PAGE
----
Forum editorial: Oil boom’s potential to spread

Here’s an impressive barometer of the gusher of new wealth flowing from the oil boom in western North Dakota: Bank deposits more than doubled, to $3.2 billion, in nine counties at the heart of the Bakken Formation over the past five years. That’s an astonishing achievement. The increase, 128 percent, compares to a very healthy rise in deposits of 37.5 percent in Cass County over the same period. It’s one of the quantifiable measures of new affluence in an area that has known more than its share of hardscrabble times.

The influx of money is so significant, in fact, that bankers have sometimes found it difficult to find havens to invest all that money. Lending, according to an analysis by the Federal Reserve Bank of Minneapolis, has not kept up with the galloping growth in deposits. Part of that lag can be explained by the fact that many of the petroleum developers, contractors and other firms that have rushed to the Bakken maintain relationships with bankers back home. But the gap points to a very serious challenge facing North Dakota in reaping the full benefits of the nonrenewable wealth it is extracting from the earth: how best to leverage that money in ways that create a sustainable economic future by investing it productively at home.

Put another way, how can the wealth from the Oil Patch be spread around to the rest of the state? One way to gauge the spillover effect of the oil boom is to compare the growth in wages in the rest of North Dakota with the historical growth rate. Because of the well-documented labor shortage in the Oil Patch, and because of the high wages paid by oil companies and others, it’s not surprising that wage growth there outpaced the rest of the state. The 17 oil and gas counties saw average wages jump by 15.2 percent from 2010 to 2011, compared to an impressive 9.6 percent statewide.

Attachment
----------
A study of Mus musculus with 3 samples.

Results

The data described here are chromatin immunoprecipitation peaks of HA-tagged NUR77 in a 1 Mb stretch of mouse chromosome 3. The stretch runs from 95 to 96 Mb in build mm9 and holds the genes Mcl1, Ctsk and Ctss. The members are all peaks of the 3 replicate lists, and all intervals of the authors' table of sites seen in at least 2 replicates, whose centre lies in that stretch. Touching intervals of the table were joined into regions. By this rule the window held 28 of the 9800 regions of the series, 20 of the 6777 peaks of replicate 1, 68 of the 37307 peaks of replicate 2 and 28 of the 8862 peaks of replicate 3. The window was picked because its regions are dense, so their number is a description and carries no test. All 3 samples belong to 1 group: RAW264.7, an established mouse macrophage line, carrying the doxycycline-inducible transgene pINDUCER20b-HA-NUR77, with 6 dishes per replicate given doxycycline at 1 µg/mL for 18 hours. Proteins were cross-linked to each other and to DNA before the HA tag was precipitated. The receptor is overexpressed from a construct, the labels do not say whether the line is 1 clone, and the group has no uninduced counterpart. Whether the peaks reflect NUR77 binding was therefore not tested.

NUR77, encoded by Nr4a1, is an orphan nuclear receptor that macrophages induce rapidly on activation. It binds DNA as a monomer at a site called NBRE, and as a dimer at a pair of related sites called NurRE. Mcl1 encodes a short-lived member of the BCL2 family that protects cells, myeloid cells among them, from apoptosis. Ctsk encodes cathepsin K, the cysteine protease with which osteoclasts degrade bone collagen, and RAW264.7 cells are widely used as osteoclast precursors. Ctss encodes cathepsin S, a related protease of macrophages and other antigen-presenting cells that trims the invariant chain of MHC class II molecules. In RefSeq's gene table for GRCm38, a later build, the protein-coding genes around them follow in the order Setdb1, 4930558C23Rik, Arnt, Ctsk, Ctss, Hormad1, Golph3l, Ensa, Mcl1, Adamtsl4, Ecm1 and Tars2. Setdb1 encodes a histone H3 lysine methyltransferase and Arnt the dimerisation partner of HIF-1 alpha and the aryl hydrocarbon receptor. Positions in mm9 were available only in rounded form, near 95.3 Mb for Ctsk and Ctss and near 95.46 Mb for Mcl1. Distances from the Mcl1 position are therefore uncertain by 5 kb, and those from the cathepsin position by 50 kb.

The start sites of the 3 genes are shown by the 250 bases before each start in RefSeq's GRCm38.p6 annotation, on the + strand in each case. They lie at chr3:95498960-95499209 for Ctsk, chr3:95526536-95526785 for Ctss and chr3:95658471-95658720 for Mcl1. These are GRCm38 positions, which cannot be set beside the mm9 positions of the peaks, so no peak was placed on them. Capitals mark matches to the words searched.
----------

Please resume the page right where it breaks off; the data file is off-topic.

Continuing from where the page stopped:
So there are real signs that the wealth is spreading from oil fields to main streets around the state. Entrepreneurs and others are creating new outlets for investment, providing jobs and opportunities. One example is the North Dakota Housing Finance Authority’s Housing Incentive Fund, which provides tax credits for contributions that build needed affordable rental housing in communities – with planned projects in need of $4.4 million in contributions to get them off the drawing boards.

A cultural change will be an important part of North Dakota’s successful transition from nonrenewable oil wealth to robust, sustainable economic growth. Federal Reserve Bank officials noted the conservative lending attitudes of Oil Patch bankers, many of whom recalled the painful consequences of earlier booms that turned to busts. But all signs point to a sustainable boom. North Dakota must have the confidence to invest in itself to make the most of its natural resources wealth.


Forum editorials represent the opinion of Forum management and the newspaper’s Editorial Board.